From The Guardian (here):
It has no buffet car, the waiting room is a garden shed and only one of its three hand-built carriages is fully glazed. But for one week only, the train from Leadhills to Glengonnar Halt has become an essential addition to the UK’s rail network.
In a rare, perhaps unique, moment in British railway history, a replacement train service has been put on to make up for a closed road. It is normally the other way round. And this service is run by amateurs.
Launched 30 years ago by a small group of single-minded rail enthusiasts high on the barren, rocky moors of south-west Scotland, the Leadhills and Wanlockhead Railway (L&WR) is ordinarily a weekends-only summertime attraction for tourists.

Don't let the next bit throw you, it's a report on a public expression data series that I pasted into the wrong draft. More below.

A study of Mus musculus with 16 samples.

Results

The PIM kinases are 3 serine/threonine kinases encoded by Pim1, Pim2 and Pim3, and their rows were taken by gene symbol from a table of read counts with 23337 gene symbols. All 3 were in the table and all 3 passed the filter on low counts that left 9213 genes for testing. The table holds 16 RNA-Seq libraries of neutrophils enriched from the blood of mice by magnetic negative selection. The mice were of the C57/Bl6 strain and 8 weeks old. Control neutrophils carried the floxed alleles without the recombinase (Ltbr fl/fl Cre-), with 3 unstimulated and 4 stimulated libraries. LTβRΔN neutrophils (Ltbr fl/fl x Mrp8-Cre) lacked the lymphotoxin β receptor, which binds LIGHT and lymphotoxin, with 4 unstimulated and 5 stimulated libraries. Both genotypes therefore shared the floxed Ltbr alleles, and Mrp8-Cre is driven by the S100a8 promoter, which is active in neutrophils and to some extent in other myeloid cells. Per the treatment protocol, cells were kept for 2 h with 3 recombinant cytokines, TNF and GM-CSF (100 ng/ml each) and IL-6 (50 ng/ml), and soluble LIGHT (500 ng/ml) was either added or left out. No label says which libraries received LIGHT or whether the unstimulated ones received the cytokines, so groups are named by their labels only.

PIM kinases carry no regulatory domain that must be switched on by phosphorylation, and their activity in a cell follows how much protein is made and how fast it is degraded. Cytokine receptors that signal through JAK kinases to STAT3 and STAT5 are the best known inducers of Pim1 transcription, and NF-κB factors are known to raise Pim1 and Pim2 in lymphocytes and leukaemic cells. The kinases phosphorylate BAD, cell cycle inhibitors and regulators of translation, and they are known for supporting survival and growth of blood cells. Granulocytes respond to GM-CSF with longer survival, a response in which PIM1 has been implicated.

Then South Lanarkshire council decided to resurface the only road connecting the two villages that vie for the title as Scotland’s highest.
So for five days this week, while road builders re-laid and repainted the B797, the L&WR has run a full weekday timetable for the first time in its history. With ticket prices cut from £4 to £1, it has put on 18 services a day between its two stations, with seven trains timed carefully to meet buses in Leadhills running north east to and from Lanark, and its scheduled rail connections to Glasgow.
Its workhorse locomotive, a stubby, blue-painted diesel-powered engine called Clyde, rattles and judders over the single narrow-gauge track at a stately five miles an hour; it hits 8mph on its downhill run back to Leadhills.
There is still goodness in this world.